23andMe has had a somewhat rocky existence, first offering data on one’s own ancestry and genetic data, then stripping that down to only ancestry information coupled with raw data that coupld be parsed for medical reasons by third-party companies. That was due to meddling by the FDA. That was recently changed with genetic test kit approval (though conditions apply), and now the company has made a very big announcement: it is planning to use customer data to make pharmaceutical drugs.
23andMe has a large trove of genetic data from customers, and it will be using that information to create new medications for different disorders. As far as finances go, this will turn its genetic database into a large source of revenue, eclipsing what it has thus far made from its different initiatives.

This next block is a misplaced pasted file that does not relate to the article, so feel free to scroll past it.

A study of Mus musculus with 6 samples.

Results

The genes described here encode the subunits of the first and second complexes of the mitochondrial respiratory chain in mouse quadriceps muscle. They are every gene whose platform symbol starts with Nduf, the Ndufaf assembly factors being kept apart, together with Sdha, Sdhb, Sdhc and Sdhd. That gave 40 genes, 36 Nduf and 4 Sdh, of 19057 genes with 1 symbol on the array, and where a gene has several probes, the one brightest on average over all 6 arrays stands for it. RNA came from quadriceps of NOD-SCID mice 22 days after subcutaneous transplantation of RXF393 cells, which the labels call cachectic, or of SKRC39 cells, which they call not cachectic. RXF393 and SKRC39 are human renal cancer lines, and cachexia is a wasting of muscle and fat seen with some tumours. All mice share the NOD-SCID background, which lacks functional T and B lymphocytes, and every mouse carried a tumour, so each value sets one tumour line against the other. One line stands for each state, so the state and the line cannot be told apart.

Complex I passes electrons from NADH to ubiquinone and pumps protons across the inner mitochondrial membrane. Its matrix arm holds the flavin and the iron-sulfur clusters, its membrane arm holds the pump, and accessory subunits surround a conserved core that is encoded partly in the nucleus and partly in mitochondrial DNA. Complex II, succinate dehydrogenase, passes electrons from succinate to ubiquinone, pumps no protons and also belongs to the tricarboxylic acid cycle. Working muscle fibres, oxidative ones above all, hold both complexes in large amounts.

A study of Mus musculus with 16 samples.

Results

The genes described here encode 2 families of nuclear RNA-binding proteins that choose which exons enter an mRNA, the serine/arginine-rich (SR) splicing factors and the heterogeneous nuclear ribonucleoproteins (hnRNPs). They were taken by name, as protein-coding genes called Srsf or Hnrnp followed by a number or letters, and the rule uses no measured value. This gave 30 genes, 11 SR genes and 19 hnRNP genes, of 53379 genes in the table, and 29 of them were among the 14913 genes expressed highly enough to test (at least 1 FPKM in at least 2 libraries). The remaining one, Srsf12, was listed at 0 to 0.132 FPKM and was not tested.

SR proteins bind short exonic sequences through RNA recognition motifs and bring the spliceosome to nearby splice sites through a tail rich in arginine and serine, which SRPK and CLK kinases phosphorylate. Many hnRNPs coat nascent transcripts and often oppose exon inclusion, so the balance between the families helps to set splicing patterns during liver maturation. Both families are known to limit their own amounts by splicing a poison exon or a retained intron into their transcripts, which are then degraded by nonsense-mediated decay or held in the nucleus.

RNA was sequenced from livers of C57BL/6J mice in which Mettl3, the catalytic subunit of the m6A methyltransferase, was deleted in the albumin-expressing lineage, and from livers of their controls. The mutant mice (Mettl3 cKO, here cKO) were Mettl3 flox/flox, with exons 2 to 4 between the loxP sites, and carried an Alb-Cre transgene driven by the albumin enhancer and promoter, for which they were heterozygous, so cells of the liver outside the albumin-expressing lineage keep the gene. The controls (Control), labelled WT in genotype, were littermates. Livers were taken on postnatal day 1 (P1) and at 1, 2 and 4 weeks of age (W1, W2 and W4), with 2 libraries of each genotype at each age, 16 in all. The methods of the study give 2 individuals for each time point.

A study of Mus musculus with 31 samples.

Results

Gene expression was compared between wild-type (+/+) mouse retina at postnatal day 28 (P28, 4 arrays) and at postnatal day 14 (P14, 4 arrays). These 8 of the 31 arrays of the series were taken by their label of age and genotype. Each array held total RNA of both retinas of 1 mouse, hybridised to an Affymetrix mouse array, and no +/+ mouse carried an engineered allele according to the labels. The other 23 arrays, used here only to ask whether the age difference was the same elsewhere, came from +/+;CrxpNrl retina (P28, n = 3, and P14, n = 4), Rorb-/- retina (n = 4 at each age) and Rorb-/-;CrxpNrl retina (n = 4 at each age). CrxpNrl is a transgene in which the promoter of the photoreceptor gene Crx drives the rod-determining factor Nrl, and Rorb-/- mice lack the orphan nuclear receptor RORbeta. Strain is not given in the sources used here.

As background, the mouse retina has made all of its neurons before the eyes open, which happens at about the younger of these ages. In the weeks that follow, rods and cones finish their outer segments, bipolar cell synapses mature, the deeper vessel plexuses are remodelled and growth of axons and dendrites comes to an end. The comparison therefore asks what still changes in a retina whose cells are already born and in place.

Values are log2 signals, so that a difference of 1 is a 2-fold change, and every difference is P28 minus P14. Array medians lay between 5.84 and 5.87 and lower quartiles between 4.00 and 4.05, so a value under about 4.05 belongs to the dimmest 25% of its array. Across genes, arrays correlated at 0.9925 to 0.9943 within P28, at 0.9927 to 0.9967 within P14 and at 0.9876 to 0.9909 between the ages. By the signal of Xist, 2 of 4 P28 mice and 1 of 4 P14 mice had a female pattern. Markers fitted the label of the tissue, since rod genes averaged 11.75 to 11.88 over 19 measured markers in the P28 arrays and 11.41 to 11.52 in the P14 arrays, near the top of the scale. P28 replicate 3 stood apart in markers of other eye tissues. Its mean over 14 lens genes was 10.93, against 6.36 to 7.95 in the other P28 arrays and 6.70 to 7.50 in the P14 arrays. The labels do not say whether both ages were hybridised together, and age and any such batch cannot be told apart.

Says the company’s founder, Anne Wojcicki:
People want to see a cure. And cures don’t magically appear. Cures come from pharma, and biotech. And so part of what I think we can do is by making sure that the consumer really is at the forefront, that they are informed, that they know what’s going on, I’m hoping that they can really do a meaningful service for them by helping to develop those types of therapies.
That’s the extent of the initiative so far — it’ll likely be a long while before we see the first medication made using 23andMe’s genetic information surface, and even longer before it becomes a commonly available option. Still, this gives the company a new focus while it waits for the FDA to further loosen its grips on genetic testing, and could possibly lead to new cures for diseases.